Wrexham drowning: Alicia Williams and David Platt's deaths 'accidental'
A coroner has recorded verdicts of accidental death after a Wrexham couple drowned in a swollen river last September while walking their dogs.
David Platt and Alicia Williams, both 25 and from Ruabon, died in the River Clywedog at Felin Puleston.
The inquest in Mold was told it was not known how the pair came to be in the water, but at the time it was suggested they had tried to save one of the dogs.
Deputy coroner Nicola Jones called for safety improvements in the area.
The body of Miss Williams, who had a young daughter, was found on a sandbank by another dog walker while police later recovered the body of carpenter Mr Platt nearby.
Witnesses saw the couple laughing and joking and washing their pets by the river bank on the day of the tragedy on 26 September.
In statements read at the hearing on Monday witnesses described the "roar" of the river, and how it was cascading over a weir where normally the water was only a few inches deep.
At the time it was reported that the Clywedog had risen by about 4ft (1.2m) after a week of torrential downpours.
Post-mortem examination results presented at the opening of the inquest in September revealed that the couple had drowned.
Returning verdicts of accidental death, deputy north Wales coroner Nicola Jones said: "We have a couple who were recently engaged who clearly thought the world of each other and were very happy that day in each other's company.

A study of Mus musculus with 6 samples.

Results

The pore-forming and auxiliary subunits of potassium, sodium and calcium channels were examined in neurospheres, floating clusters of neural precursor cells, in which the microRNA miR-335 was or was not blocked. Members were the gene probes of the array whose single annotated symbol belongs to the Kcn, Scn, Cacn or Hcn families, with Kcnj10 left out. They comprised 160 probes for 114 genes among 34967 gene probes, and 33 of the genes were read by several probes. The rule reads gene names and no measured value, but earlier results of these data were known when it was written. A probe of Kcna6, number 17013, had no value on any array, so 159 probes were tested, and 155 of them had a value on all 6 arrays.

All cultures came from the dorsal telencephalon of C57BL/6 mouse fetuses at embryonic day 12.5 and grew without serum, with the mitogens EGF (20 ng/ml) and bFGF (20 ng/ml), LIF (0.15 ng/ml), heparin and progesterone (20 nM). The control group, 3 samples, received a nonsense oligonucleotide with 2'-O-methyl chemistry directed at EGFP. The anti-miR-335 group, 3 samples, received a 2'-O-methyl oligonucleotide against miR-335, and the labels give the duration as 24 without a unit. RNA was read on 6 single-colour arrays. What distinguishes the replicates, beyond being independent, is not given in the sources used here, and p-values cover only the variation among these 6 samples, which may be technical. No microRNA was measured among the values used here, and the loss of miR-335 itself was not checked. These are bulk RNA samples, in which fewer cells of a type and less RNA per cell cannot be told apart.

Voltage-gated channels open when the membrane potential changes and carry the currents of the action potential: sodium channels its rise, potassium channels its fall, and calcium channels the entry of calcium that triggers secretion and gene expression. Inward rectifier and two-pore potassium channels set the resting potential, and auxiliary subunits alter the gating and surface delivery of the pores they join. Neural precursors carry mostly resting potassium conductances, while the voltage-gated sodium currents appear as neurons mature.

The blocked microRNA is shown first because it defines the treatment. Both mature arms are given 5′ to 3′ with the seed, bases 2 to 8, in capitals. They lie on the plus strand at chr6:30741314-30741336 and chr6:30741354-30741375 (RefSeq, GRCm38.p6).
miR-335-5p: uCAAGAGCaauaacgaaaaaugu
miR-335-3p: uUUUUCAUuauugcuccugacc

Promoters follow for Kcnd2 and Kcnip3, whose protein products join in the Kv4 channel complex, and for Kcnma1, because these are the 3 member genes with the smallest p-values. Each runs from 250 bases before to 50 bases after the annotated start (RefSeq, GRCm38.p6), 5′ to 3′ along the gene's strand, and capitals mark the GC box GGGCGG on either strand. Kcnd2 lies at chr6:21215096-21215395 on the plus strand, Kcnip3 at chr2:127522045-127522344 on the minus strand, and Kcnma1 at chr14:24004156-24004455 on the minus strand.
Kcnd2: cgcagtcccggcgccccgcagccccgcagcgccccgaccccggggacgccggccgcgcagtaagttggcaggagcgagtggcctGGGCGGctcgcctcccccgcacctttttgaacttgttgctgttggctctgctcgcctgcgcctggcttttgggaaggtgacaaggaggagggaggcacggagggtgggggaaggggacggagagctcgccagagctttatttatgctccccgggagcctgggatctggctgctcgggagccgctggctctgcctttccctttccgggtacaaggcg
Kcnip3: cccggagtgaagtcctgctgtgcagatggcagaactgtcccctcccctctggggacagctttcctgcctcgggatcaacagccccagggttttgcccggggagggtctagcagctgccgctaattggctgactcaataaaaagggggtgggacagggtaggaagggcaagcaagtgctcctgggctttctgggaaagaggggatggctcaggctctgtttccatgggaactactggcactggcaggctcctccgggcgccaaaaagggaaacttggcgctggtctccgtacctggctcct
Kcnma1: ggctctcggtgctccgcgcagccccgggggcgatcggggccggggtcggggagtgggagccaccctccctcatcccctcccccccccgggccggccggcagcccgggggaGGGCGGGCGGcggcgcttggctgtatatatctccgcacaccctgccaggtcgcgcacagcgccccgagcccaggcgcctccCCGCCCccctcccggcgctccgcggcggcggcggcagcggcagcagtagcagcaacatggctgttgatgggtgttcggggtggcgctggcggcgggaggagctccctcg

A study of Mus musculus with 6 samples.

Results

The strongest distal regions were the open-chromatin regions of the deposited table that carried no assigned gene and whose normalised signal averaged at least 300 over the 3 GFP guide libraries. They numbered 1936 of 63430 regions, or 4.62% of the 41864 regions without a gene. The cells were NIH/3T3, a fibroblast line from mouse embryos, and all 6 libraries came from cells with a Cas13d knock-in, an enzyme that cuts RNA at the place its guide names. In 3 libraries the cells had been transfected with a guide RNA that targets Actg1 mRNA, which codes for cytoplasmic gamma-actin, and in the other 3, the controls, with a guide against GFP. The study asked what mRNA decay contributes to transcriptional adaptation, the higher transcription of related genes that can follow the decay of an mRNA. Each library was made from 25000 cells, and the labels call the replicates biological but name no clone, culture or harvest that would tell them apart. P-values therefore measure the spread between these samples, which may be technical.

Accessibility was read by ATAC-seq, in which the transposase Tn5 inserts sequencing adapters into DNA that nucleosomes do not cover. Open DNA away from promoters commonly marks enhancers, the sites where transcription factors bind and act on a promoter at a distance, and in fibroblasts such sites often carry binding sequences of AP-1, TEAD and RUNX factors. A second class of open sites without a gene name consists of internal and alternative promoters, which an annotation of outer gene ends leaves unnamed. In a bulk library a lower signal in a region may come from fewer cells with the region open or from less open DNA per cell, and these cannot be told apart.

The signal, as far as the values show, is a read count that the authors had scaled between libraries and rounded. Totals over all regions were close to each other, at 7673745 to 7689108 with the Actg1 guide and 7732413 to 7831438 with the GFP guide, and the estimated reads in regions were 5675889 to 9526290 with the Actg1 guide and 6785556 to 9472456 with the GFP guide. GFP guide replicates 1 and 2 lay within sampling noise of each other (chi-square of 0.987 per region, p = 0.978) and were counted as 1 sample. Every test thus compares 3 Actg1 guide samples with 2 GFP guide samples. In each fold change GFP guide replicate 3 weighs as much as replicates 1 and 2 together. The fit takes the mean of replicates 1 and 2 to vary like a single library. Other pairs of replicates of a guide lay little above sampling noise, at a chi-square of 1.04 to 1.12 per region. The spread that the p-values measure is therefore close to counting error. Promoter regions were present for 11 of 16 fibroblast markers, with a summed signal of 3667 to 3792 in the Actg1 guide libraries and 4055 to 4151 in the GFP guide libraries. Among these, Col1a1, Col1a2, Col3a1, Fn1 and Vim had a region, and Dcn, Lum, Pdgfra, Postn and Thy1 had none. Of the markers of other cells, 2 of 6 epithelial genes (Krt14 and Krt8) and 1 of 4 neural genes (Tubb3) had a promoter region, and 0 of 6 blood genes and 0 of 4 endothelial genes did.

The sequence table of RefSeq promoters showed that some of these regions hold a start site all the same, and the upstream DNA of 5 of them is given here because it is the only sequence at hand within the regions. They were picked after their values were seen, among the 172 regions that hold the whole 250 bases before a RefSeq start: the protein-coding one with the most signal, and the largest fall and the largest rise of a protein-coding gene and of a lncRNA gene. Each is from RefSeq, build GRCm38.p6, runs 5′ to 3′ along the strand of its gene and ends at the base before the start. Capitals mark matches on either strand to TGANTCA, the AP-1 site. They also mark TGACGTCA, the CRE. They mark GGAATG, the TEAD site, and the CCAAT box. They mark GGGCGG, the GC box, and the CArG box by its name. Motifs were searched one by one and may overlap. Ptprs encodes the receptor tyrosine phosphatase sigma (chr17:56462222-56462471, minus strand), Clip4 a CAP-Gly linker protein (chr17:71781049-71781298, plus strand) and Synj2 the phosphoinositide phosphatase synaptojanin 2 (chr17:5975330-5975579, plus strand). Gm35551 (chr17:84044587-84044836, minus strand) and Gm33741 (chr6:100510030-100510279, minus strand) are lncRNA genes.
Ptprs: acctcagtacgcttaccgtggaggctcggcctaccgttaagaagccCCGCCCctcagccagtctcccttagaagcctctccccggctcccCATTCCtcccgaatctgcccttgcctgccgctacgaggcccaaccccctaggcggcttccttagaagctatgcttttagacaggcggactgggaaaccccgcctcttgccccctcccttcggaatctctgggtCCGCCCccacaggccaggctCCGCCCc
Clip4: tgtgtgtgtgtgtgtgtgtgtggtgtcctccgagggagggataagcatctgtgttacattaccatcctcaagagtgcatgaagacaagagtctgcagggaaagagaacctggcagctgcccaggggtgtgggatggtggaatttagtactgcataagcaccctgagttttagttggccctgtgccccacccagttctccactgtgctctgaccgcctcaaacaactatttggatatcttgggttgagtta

"All the witnesses attest to the ferocity and power of the water that day."
She said that 30 minutes after they were last seen Miss Williams' body had been found by local man David Humphreys who "bravely went into the water to help recover her body".
Mr Platt's body was found shortly after midnight by a search and rescue team wedged against a tree after the water subsided.
"There is no evidence about how they entered the water and to guess would be mere speculation," the coroner added.
The coroner added that she had taken on board the concerns about the safety of the river bank in flood conditions, especially since children used the footpaths.
She said: "I will write to the National Trust [the owners of nearby Erddig Hall] and to Natural Resources Wales and to the local council recommending they take steps to improve safety by that river bank either by signage or considering a method of closing the walks when there is a danger."